How to stop an ASL script

One question keeps coming up in Smarts (aka IONIX) ASL training sessions and discussions... "When do you need to use the 'stop' function?".

The answer is quite simple but does highlight one of the oddities (features ?) of the language, which is that it is designed to consume an input stream and take actions on what it finds there. However it is not always used in quite this way.

Rather than just giving the one-line answer of  "make sure you consume your input and use 'stop' to abort on errors", I think a little explanation is in order.

(Give a man a fish and you feed him for a day. Teach a man to fish and you feed him for a lifetime.)

The oddity

Before getting into the suggestions of when to use (and not to use) the stop function, it might be helpful to try to show where the confusion arises for many people. Take a look at this little script...

What would you expect it to do? and what does it actually do when you run it?

START do {

If you are new to ASL, you might expect it to print "hello" and terminate. However you'd be surprised to find that what it actually does is to print the word "hello" over and over again until it is killed. For that kind of behavior  you'd really expect the script to have a loop construct of some sort if you're used to programming in other languages.

So what is going on and how do we fix this? One way is to add a "stop" command to the script like this ('stop' stops the program)..

START do {

In this particular case it works just fine, but there is a problem with this approach, illustrated by this program..

START do {
        a = 2 / 0;

This does something even odder. It prints "hello", and then an error message complaining about an attempt to divide by zero. But it doesnt do this just once - it repeats this output until it is killed. This may seem like a bug in the language, but actually it's as per design.

A common solution

The most commonly used way to prevent both of these looping behaviours is to add a match pattern rule of '.. eol' near the top of the script, like this..

START { .. eol } do {

In fact, most of the "well behaved"  simple query scripts you see will start with that magic syntax, namely: "START { .. eol } do {". But why.....?

Why the solution works

It's all very well to present you with a template solution to the issue, but I'm afraid it isn't always going to be appropriate - and some explanation of why it works is in order. We may even discover a little more about the fundamentals of ASL along the way.

Let's begin by understanding that every ASL script has an input stream which it reads. This might be a file that you specify using the "-f" option of the sm_adapter command line, or an event subscription stream defined using "--subscribe", or a number of other possibilities. If you don't specify any input at all, the script still has one anyway - it's a dummy file consisting of one empty line.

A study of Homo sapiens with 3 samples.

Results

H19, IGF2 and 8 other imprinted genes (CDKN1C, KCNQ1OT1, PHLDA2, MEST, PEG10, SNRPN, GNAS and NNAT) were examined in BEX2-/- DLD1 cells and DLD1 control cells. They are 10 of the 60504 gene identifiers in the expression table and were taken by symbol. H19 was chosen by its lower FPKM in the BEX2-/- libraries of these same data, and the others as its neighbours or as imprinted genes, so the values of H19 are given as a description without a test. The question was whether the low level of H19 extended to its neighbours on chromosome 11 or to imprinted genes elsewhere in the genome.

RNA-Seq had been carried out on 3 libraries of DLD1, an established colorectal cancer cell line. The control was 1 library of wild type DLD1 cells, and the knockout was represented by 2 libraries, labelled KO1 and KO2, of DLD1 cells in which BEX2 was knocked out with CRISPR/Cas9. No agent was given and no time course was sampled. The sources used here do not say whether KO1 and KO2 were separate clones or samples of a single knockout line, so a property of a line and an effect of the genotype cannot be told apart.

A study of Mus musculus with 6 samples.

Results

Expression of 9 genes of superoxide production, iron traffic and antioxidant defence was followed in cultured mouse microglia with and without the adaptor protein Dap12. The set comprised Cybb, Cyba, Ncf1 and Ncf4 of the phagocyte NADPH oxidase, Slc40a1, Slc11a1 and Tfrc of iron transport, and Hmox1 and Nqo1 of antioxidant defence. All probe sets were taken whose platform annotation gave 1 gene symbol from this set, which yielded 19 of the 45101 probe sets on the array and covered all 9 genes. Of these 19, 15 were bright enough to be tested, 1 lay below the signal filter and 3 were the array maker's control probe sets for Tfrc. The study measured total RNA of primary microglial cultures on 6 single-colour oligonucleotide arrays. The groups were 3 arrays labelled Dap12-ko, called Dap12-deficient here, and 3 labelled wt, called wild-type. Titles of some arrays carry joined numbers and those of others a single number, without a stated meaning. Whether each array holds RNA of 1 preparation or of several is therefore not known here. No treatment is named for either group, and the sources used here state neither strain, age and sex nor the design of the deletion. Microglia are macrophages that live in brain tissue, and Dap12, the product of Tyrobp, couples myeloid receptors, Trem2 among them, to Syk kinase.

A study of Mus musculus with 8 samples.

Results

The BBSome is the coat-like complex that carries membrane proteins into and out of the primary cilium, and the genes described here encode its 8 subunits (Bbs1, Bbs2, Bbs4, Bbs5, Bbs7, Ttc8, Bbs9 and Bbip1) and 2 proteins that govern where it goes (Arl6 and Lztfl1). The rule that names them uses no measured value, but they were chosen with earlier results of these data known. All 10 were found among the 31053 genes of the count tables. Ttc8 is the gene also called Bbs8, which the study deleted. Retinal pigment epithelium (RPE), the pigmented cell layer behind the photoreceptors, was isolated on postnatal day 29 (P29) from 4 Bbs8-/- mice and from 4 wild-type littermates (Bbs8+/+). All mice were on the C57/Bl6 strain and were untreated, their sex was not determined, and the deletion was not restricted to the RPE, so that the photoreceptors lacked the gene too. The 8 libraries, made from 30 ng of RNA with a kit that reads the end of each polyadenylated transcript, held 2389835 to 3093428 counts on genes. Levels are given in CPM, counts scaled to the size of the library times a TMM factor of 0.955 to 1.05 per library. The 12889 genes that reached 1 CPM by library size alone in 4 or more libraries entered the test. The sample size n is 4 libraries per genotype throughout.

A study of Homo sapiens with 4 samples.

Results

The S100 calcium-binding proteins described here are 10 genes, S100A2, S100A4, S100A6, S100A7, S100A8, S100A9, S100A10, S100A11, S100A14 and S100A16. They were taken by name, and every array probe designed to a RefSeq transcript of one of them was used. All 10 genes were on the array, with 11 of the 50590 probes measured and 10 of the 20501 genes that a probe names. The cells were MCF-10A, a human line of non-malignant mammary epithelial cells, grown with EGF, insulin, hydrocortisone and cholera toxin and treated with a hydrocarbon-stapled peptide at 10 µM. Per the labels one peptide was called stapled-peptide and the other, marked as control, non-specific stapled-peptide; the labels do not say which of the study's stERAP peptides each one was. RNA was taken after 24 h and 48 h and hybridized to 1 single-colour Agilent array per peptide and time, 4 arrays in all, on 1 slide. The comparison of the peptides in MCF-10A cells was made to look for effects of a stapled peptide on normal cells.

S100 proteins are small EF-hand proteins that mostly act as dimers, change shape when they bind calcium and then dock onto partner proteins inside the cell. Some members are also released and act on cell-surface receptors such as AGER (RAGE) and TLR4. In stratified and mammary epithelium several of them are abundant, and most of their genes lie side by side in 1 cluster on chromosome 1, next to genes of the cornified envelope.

The syntax between the "{" and "}" that come after the "START" rule name and before the "do" word tells the rule how to consume it's input. ASL runs the START rule repeatedly until there is no input left. The basic idea is that "START" will read a line and take some action on it, though things can get more complex than this. The main thing to note is that if the START rule doesn't consume any input then there is still input left when it finishes, which means it will be run again .. and again .. and again.

The input consuming part of the rule is very powerful and it is beyond the scope of this note to explain it in detail - that's a subject for another posting. For now we'll keep it really simple.

Here's a script that reads it's input a line at time and prints out what it sees..

START { x: { .. eol } } do {

You'd run this using a command line like..

sm_adapter -f input-file.txt script-name.asl

From these examples, I hope you can see that what our fixed "hello" script actually does is to print the word "hello" once for every line in it's input file. And if we dont specify an input file then it uses the dummy one-line file and so prints "hello" just once.

This also explains why the "divide-by-zero" script above runs repeatedly even though it has a call to the "stop" function. The problem is that the the first call to START hits the divide by zero error and aborts - never hitting the "stop". But: since there is still input to be processed it re-runs the START rule .. and so ad infinitum.

The function of the "stop" command is to break out of this read-something-and-process-it loop and has the effect of forcing the script to terminate - but it can only happen if the function actually gets executed (and errors can prevent this if you're not careful).

So what have we learned?

  • If you begin simple query scripts with "START { .. eol } do" (and don't give them an input stream), you wont have to worry about unexpected loops.
  • However, the above isn't appropriate for scripts that read real files or subscription streams.
  • The START rule is called to consume input by design, and not doing so has the side effect of making the script loop for ever.
  • Use of "stop" is usually only needed when an input-processing script needs to abort early. This is often in the event of an error condition that the script detects.
  • Errors cause the START rule to stop processing the current line (or input fragment), but ASL continues to read and process the remaining input - re-running START to do so.

One additional note:

  • The behaviour of ASL when it encounters errors can be modified using the question-mark syntax (see asl_ref.pdf for details).